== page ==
Brendan Behan


Hailed as the new O'Casey by Irish critics in 1958, Behan is now often portrayed as the archetypal Irishman and spectacular drunk. Behind the myth lies the more compelling story of a writer who was never able to fully harness his larger-than-life personality and talent.




Brendan Behan: A Life is a fascinating look at the Irish author noted for his earthy satire and powerful political commentary…. O'Sullivan's biography, an in-depth look at one of the most unusual and intense personalities ever to grasp a pen, reveals the complex and unique humanity of this great Irish writer.
Library Journal
Irish writer Brendan Behan (1923-64) was adored unconditionally by his beloved Granny, endowed with a great love of the written word by his father, and inspired to embrace republicanism and the IRA by his mother. During his internment for the attempted shooting of two policemen, he began the writing that would bring him world renown. Once out of prison, he found literary recognition in Paris with his short stories while continuing to work as a Dublin house painter; he also launched on the legendary drinking that led to his diabetes and death. His prison drama, The Quare Fellow, was produced in Dublin in 1954, and in 1955 he married Beatrice ffrench-Salkeld, who suffered intense emotional and physical abuse at his hands. O'Sullivan, a broadcaster and the literary editor of the Irish political magazine Magill, accessed archives heretofore untouched to offer the best biography of Behan since Ulrick O'Connor's Bendan (LJ 8/71). He considers Behan in all his contradictions: both shy and spirited, he was a show-off and a vicious drunk who nevertheless possessed a remarkable ear for the language of the ordinary man. O'Sullivan also addresses Behan's rumored bisexuality. What results is a disturbing and enlightening biography.--Robert Kelly, Fort Wayne Community Schs., IN Copyright 1999 Cahners Business Information.
From The Critics
Brendan Behan: A Life chronicles a talented writer's near-legendary life and illustrates why Behan became one of Ireland's most celebrated artists. Compiled from a wide variety of sources which included prison documents, interviews with family and friends, editors and contemporaries, biographer Michael O'Sullivan was able to present a lucid and vivid introduction to the complex personal world of a genuine literary genius. Brendan Behan: A Life is a "must" for those who appreciate the contributions, influence and work of this unusual and gifted literary figure of modern Irish literature.
Irish America Magazine
...Behan has always seemed a larger than life character, and Michael O'Sullivan has managed to capture some of this personality in a new biography....An easy and interesting read...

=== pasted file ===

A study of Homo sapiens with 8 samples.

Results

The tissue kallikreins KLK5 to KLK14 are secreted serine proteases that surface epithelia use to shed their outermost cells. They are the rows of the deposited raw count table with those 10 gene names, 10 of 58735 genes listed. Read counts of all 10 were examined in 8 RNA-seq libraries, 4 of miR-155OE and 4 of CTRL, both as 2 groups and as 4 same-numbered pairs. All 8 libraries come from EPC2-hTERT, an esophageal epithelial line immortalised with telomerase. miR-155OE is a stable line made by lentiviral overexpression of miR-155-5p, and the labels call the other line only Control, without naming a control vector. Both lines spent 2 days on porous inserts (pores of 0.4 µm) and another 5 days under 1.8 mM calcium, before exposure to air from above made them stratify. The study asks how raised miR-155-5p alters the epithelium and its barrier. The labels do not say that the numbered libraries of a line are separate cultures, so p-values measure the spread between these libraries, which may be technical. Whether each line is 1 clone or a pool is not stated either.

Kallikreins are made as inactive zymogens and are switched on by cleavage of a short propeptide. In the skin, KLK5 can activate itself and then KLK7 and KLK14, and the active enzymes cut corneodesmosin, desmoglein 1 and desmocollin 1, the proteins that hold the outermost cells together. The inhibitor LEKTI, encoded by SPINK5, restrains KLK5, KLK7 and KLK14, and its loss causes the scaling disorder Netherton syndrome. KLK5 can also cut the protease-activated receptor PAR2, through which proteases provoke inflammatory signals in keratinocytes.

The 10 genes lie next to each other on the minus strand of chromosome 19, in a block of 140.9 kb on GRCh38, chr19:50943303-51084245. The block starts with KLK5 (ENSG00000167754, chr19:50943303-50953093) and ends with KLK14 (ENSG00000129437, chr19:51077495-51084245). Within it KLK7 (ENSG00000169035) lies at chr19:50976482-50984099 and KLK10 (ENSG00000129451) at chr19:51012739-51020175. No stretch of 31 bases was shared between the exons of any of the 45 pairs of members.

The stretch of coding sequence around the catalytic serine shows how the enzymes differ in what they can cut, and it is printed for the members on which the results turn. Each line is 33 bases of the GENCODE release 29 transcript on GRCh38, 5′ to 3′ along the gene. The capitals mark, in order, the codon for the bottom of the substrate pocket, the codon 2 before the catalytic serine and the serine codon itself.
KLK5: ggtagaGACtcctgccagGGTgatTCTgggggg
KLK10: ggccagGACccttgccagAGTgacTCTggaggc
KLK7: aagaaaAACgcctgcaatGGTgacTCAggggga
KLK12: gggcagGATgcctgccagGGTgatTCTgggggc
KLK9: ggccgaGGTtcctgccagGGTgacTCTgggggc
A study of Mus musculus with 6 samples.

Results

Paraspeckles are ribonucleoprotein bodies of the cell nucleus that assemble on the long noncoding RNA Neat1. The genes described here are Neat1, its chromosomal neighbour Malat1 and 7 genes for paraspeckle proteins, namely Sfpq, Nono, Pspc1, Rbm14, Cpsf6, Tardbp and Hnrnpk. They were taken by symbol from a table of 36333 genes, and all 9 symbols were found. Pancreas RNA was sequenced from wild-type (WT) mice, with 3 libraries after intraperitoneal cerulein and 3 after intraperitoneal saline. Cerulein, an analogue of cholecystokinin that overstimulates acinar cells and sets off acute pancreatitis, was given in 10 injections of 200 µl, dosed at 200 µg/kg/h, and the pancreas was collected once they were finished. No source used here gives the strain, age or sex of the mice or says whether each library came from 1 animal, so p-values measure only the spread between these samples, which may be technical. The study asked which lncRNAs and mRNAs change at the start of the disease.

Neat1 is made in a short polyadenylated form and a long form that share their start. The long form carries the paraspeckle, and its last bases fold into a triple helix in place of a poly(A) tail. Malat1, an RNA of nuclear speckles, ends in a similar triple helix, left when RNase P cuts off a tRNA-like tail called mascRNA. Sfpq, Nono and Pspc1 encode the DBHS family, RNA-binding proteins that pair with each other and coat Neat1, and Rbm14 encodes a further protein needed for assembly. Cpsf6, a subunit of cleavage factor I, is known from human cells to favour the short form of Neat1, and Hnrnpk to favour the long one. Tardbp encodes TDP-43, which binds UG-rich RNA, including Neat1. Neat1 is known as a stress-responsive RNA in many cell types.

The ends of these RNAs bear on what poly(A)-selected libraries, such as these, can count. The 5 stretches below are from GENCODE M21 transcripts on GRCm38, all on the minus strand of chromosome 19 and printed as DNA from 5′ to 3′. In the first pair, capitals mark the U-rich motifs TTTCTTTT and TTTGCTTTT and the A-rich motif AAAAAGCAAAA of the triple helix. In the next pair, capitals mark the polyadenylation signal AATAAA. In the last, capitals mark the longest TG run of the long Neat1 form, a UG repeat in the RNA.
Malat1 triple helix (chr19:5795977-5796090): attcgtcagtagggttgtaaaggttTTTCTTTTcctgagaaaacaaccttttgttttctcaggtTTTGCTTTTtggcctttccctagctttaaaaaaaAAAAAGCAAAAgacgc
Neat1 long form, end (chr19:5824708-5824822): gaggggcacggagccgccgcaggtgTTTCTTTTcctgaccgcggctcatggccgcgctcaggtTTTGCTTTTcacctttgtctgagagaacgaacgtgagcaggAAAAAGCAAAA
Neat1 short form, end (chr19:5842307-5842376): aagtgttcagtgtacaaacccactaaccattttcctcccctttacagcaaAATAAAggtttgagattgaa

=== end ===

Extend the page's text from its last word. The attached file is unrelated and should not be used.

• ISBN-13: 9781568331874
  • Publisher: The Rowman & Littlefield Publishing Group Inc
  • Publication date: 1/28/2001
  • Pages: 370
  • Sales rank: 1,009,200
  • Product dimensions: 6.14 (w) x 9.21 (h) x 0.88 (d)

Meet the Author

Michael O'Sullivan is a graduate of Trinity College, Dublin. He is a broadcaster with Ireland's national radio and television station (RTE) and literary editor of the Irish magazine Magill. He lives in Dublin, Ireland.

  • Anonymous

    Posted December 20, 1999

    Michael O'Sullivan's Brendan Behan

    Michael O'Sullivan has uneathed for us some highly interesting material which hasn't been seen thusfar. He managed, for instance, to get revealing prison records opened years before their scheduled date for becoming declassified. This is an eminently readable book for those interested in Irish (and English) literature, and I was kept awake by it for several nights running. The only factors which prevent me from giving it five stars are the following: 1. A somewhat higher percentage than expected of the irritating grammatical and mechanical errors, and a few glaring syntactic flubs, which close proofreading and/or editing would have prevented; 2. The necessity to question the author's conclusions about aspects of his subject in certain instances (but he is always careful to delineate his reasons); 3. And finally, the author's too zealous reiteration of certain aspects of his theme (a plethora becomes intrusive where just a couple will do). But the author's work is carefully researched and, in large part, sensitively presented, and if you are a fan of the audacious Behan and his writings, this is a book you'll want to pick up.